Default dictionary syntax

Hi. I suggest a default syntax to define dictionary.


d1 = {'a':1, 'b':None, 'c':None}
d2 = {'a':1, 'b', 'c'}
d1 == d2

If key:value pair exists then it wont be set.

In addition to this, I suggest set methods in dict too.


d = {'a':1, 'b'}
d -> {'a':1, 'b':None, 'c':None}

Why? What is the use case? We already have dict.get, collections.defaultdict, and set for set operations. What is this useful for?


This already exists as dict.fromkeys Built-in Types — Python 3.12.3 documentation


The suggestion saves a few characters, but it removes what is currently a useful self-explanatory SyntaxError:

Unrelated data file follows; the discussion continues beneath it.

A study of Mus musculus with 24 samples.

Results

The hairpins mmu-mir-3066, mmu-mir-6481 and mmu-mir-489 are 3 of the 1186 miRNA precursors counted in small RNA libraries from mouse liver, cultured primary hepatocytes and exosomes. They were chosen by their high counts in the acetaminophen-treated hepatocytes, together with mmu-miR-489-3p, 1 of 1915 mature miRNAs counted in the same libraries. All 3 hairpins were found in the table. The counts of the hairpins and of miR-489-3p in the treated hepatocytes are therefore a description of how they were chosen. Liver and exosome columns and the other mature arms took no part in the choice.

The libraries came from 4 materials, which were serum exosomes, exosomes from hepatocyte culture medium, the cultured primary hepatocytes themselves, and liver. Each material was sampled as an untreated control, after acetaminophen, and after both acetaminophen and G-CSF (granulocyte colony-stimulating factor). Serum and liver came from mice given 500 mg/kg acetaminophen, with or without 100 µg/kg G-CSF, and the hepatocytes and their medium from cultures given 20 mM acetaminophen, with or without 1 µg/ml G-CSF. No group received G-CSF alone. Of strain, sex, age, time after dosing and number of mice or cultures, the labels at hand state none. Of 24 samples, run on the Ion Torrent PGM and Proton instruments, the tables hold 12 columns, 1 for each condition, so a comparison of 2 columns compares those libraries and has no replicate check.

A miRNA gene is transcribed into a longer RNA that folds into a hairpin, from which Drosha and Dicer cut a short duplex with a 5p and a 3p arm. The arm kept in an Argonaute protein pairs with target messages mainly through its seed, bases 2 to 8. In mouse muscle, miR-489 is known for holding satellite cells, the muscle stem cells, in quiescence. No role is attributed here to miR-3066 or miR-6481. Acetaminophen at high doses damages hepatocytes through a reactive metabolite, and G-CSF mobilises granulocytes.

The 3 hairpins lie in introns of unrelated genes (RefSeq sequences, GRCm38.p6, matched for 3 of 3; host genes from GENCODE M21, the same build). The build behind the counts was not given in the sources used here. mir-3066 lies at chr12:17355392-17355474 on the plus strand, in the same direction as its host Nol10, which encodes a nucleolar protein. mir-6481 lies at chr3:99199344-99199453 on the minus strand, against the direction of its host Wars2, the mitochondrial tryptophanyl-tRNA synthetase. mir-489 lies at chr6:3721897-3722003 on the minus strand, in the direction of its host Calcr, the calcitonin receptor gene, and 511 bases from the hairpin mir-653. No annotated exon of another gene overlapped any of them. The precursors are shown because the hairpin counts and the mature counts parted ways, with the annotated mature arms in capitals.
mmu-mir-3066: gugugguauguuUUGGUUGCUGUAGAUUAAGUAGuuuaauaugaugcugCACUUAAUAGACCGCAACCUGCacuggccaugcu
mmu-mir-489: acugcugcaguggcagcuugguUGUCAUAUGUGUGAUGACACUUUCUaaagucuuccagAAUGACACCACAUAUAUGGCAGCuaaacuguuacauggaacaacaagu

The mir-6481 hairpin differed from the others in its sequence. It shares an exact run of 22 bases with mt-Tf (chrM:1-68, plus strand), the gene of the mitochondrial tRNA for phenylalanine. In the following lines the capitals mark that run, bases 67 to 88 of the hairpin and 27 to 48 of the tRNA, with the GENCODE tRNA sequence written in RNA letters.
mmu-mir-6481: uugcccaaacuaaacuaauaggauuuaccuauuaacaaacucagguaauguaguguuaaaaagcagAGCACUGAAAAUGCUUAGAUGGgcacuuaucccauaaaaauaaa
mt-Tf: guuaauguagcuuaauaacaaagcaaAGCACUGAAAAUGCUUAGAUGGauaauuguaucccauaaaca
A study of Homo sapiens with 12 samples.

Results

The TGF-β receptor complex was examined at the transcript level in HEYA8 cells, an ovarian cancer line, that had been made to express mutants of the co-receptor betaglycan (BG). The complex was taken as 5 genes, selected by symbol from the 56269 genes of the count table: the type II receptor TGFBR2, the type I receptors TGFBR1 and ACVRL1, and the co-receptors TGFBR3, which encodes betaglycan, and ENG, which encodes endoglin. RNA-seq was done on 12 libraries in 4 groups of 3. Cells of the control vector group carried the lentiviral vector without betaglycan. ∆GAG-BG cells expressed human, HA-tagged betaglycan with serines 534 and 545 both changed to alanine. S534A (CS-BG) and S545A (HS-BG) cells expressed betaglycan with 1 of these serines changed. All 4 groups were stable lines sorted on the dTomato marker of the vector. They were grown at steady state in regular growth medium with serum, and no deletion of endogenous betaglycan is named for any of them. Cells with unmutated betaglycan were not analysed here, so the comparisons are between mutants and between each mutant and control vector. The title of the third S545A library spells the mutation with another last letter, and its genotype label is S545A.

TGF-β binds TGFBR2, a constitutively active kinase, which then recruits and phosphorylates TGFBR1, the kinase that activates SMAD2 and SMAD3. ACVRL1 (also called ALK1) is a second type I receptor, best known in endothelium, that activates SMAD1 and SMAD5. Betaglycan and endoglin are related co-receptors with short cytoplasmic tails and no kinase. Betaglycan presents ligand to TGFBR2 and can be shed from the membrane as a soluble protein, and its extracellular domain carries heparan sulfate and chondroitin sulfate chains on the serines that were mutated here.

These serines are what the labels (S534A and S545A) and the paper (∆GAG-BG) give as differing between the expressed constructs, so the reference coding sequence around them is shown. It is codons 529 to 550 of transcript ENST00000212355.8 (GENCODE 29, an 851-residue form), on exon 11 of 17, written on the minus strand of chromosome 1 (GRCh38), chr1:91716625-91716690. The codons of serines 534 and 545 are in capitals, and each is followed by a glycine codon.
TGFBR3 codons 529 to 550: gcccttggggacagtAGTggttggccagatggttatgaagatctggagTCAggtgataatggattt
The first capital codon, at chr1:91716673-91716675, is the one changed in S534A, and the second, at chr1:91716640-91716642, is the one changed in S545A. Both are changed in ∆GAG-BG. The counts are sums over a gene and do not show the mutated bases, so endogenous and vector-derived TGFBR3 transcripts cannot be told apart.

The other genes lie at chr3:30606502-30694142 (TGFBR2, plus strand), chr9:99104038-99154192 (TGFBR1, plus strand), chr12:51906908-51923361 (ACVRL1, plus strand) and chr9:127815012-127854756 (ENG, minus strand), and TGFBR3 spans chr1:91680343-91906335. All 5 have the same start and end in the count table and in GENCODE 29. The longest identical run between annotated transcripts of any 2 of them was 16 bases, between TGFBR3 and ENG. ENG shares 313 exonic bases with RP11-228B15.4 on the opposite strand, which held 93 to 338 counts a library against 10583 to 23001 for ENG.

>>> {'a':1, 'b'}
  File "<stdin>", line 1
    {'a':1, 'b'}
SyntaxError: ':' expected after dictionary key

and creates a new class of bug that is harder to diagnose.

The existing SyntaxError gives immediate* feedback to the coder, that they’ve forgotten to specify a value in a dict literal (or that a key/value pair has erroneously been added to a set literal). Under the suggestion, they’ve now got to wait until their program runs, possibly until after their code is shipped if the testing didn’t pick it up, to figure out there is a potentially much more devious bug, if a default value was unintentionally used in a dict literal, whether due to a typo or forgetfulness.

*it’s raised during parsing, not during execution.


{‘a’, ‘b’} is already legal syntax for a set. {‘a’, ‘b’: 3} looks like someone switched target in mid expression and should remain a syntax error.